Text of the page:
Have you ever wondered what things are that fall down the chimney?
Things that go bump in the night – or day for that matter. This article is all about what things can fall down the chimney, and why.
Now the things that fall down the chimney can vary from the worrying to the horrific, and it helps to know what causes things to fall down the chimney. So if you have had any problems with things that fall down the chimney, you have come to the right place.
We will start with the Victorian chimneys and the things that go bump in the night! I joke, but it can be very worrying to people who find lumps of mortar that fall down the chimney, as well as the odd brick. Victorian chimneys shed like a dog, and this is down to the acidic flue gasses eating away at the cement mortar – they used both to construct their chimneys and line them. (See our previous article on the subject). Most usually, this shedding is in the form of a steady rain of grit and sand that is almost unnoticed, but sometimes the liner can blister, and then there is the risk that further corrosion will mean that the blister detaches and can fall down the chimney like a bomb going off in the grate. Worst of all is when it’s a house brick that has become detached. If the fire has a register plate, the effect can be quite startling as it can sound like a giant drum being struck.
So if you have had these things fall down the chimney, make sure you get a certified chimney sweep in to check it over and ask his advice. I personally am not a fan of trying to sweep the old liner off, indeed, sweeping can even make the gradual crumbling worse for a while. However if the things that fall down the chimney are larger lumps, you might want to have it swept in the hope of dislodging larger loose pieces in a controlled fashion. If the state of the flue is particularly bad then it may well be that it will need relining. You can also get the relevant advice from your certified chimney sweep, and we have an article about this (here).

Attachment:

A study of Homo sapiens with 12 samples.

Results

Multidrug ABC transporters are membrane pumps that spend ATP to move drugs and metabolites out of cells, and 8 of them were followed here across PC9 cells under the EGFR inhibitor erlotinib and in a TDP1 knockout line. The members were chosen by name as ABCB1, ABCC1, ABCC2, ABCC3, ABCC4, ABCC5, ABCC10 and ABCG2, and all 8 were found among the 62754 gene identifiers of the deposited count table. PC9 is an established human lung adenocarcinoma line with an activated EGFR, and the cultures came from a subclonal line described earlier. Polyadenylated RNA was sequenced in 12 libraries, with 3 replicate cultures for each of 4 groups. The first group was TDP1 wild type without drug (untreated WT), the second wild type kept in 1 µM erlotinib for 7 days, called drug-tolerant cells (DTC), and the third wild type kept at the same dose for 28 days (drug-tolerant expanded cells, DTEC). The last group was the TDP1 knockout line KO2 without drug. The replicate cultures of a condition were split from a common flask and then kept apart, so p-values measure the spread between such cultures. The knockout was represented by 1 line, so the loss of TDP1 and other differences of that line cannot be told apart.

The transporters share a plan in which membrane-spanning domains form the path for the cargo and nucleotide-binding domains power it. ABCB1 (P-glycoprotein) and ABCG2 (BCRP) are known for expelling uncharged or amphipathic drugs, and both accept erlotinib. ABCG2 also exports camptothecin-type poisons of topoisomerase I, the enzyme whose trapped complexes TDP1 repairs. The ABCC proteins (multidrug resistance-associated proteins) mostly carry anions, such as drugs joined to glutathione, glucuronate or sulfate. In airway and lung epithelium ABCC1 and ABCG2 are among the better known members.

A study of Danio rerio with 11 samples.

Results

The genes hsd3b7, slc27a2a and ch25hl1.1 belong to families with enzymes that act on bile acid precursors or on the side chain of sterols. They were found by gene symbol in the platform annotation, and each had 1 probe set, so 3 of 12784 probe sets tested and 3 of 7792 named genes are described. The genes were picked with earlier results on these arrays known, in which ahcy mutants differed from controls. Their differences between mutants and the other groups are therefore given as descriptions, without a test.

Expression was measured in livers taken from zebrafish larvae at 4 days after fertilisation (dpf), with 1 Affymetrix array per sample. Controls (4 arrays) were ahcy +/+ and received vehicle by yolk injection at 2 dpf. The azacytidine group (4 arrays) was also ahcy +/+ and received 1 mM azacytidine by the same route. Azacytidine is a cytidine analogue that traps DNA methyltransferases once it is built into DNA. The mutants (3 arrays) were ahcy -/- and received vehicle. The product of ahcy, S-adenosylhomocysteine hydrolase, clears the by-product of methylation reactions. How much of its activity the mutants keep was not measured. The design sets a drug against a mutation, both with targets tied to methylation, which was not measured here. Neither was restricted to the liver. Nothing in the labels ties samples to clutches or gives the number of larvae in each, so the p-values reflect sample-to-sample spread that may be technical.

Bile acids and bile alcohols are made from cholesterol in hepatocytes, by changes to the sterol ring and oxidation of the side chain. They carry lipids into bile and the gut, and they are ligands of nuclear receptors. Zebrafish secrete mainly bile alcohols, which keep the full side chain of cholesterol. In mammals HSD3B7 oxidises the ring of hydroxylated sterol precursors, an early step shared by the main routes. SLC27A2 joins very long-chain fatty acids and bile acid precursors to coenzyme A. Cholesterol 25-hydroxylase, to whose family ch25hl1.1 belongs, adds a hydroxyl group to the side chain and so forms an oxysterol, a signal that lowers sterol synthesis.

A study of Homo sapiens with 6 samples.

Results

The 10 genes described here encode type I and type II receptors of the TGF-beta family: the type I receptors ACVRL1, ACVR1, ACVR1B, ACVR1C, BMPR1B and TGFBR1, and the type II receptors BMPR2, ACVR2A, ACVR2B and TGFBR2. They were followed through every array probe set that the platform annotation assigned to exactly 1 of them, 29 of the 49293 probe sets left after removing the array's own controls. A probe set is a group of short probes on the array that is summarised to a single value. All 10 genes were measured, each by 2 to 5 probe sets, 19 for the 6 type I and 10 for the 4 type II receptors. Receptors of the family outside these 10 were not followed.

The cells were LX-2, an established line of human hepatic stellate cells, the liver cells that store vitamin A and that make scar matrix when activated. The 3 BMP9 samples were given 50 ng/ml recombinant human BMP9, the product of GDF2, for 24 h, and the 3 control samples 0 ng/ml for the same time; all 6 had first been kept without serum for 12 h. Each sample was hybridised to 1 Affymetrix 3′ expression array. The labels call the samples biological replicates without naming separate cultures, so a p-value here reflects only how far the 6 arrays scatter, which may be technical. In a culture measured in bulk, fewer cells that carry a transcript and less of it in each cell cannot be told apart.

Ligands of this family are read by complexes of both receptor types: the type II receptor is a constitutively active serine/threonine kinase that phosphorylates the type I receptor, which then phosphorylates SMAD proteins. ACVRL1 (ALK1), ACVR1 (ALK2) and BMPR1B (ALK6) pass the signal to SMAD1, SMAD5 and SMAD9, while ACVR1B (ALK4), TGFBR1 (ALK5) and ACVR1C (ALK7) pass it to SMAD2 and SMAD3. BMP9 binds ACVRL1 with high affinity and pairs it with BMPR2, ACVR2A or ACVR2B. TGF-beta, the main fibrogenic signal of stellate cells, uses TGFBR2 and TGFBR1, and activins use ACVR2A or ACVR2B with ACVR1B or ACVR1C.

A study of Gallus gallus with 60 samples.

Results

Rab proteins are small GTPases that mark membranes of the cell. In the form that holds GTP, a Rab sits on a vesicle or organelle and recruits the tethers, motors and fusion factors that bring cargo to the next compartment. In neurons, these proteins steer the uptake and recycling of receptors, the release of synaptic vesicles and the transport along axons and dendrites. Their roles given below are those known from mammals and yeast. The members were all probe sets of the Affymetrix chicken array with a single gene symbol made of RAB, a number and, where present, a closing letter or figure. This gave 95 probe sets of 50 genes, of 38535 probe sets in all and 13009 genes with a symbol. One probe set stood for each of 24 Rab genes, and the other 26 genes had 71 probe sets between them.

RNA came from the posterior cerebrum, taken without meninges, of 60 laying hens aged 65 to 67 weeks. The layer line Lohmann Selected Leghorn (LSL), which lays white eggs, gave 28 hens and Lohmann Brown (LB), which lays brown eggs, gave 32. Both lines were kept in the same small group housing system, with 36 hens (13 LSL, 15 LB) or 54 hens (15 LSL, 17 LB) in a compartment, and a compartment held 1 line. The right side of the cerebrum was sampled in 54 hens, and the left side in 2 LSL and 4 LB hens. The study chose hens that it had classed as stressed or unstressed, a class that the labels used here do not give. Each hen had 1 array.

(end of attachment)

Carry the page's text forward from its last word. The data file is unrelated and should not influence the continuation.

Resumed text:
The next common item to toboggan down is tar and soot. Here, what causes things to fall down the chimney is blatantly obvious, and the cure simple. Your chimney needs sweeping, so call in that certified chimney sweep and get it swept. Why do I repeat the advice of getting a CERTIFIED chimney sweep? He will have been trained and assess to a nationally recognized standard, he will have the kind of knowledge base that enables him to give you the best advice and finally he will issue you with a certificate. Keep that in a safe place. If you have had the chimney swept properly, then if a problem with it does cause a disaster, you can demonstrate to the insurance company that you were not negligent, because you were having the chimney swept properly each year as they require.
Twigs. This is all too often the signs of one of our feathered friends electing to build a nest in your chimney. This has CONSEQUENCES. Not all of them being nice. If they do build a nest, getting it out can mean a lot of hard work by the chimney sweep. Should the bird itself fall down, the prospect of a soot coated bird flying round the room in a panic is horrendous. Problems with things falling down the chimney like that can involve redecorating the room if the chimney in question was dirty. Finally, it’s a sad fact, but birds die in their nests sometimes, and not to put too delicate a point on it, the flies fall down the chimney as they hatch out and can turn your living room into a set from a third rate horror movie.
In all, it’s best to fit a secure chimney guard and keep them out.
So to recap.
- Not everything that can fall down the chimney is a disaster, even if it is frightening.
- Turn for solace and advice to that fount of all knowledge, your certified chimney sweep.
- Do make sure he is certified, and keep the certificate in a safe place.
- Bird guards can prevent a lot of problems. Consider fitting one.
- “You know who” will be happy to advise you re bird guards. Don’t just buy one at random.
- If there is a real problem, there is a solution, i.e. relining. Call the office if you are worried. It isn’t as expensive as you think.